Column: Grandiloquent bombastic bloviating


Commentary by Curtis Honeycutt

Wherefore upon we find ourselves on the noble precipice of the dawning of a newly formed sentence and, seeing as how I still have your undivided attention even though I find myself in recognition of the fact that I’m competing with the likes of social media and videos involving funny cats, I thank you for your examination of my grandiloquent commentary. In other words, it’s time to talk about grandiloquence.

Have you ever read a formal proclamation? Suppose the guy who has worked on trees for the city’s parks department retires after 25 years of service and the mayor wants to honor him for his service. Someone plants a puny-looking tree in a park, and they dedicate it to the outgoing arborist.

But that’s not all.

The mayor inevitably shows up with a formal proclamation. The flowery language is bound by a leather-clad piece of overblown cardboard bordered by some gold filagree on the certificate-worthy taupe-colored paper. The mayor declares that June 3 will hereby be known in the city as “Rick Philby Jr. Day.”

Of course, the mayor’s office really went for it with the language for Rick’s proclamation. In fact, the words were so highfalutin and redundant that — not only was the tribute a perplexing way to say “attaboy,” but it ended up being longer than a CVS receipt.

Yes, grandiloquence is a style of speaking or writing that includes large words but little meaning. Politicians excel at it to the point where I think the first thing they teach you in first-time politician classes is how to bloviate for an hour without ever saying anything of substance. Grandiloquence is formal but shallow. This type of speech is all sizzle and no steak.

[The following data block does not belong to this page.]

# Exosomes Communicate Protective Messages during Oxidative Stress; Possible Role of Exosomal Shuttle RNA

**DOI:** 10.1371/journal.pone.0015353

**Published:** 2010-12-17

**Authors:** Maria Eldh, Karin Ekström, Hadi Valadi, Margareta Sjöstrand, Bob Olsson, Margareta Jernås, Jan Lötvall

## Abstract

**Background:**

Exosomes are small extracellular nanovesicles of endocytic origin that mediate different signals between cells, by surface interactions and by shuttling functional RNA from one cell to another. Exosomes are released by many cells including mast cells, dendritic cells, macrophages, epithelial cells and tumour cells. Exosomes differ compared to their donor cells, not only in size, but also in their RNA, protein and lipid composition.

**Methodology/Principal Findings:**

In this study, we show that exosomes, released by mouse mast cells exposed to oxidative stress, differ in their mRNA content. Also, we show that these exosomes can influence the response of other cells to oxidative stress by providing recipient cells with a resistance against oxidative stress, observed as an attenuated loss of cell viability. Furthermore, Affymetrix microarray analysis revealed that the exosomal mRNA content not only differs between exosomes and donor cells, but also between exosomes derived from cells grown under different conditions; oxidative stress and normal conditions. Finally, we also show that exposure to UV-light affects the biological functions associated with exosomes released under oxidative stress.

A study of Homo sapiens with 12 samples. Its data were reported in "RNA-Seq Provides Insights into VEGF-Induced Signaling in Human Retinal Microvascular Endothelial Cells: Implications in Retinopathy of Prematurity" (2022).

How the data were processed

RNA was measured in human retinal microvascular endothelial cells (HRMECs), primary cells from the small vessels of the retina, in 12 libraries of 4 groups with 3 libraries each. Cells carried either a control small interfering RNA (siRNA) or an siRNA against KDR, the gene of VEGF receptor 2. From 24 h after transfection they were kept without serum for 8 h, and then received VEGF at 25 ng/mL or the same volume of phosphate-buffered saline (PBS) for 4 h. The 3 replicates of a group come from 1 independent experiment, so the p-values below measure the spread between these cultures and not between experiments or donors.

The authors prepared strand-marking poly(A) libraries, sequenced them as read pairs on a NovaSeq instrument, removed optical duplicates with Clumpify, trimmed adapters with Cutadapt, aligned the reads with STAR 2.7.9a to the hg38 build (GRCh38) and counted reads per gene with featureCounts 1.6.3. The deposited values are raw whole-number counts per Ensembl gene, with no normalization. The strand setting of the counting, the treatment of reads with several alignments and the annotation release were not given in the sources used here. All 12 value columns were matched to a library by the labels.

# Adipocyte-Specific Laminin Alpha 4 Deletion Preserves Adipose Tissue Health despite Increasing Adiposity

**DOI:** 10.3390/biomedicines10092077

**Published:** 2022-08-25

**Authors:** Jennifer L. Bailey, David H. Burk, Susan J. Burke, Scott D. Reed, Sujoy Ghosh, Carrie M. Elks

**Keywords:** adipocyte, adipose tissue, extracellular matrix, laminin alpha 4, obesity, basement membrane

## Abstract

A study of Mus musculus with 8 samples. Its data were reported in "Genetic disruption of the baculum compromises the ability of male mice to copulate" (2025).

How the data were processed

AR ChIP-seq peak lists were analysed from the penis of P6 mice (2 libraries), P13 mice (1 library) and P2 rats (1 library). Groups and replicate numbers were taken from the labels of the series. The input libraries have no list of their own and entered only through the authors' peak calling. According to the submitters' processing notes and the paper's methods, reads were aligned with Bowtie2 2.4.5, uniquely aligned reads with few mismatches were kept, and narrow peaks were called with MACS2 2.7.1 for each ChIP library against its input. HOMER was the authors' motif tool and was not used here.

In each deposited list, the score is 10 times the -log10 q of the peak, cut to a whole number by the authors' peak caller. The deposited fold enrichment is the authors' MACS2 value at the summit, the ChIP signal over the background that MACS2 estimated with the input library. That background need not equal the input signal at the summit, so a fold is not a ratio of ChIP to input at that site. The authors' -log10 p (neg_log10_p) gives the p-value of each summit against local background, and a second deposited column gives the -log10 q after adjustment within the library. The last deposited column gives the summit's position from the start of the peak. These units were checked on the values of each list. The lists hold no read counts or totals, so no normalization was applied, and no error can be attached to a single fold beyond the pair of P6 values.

The identical twin of grandiloquence is “bombast.” Bombastic speech is fancy, puffed-up nonsense language disguised as importance. Poor ol’ Rick from the parks department probably would have preferred a nice watch or a modest Amazon gift card.

In the 16th century, the term “bombast” emerged by way of Old French and Latin before it. It means “cotton padding,” or — quite literally — “fluff.” We get the term “grandiloquence” from the Latin word “grandiloquentia,” meaning “lofty speech or language.”

As you might expect, I don’t recommend using bombastic or grandiloquent speech in your own communication. As Shakespeare wrote in “Hamlet,” “Brevity is the soul of wit.” Use your words thoughtfully to communicate what you want to communicate, and then be done.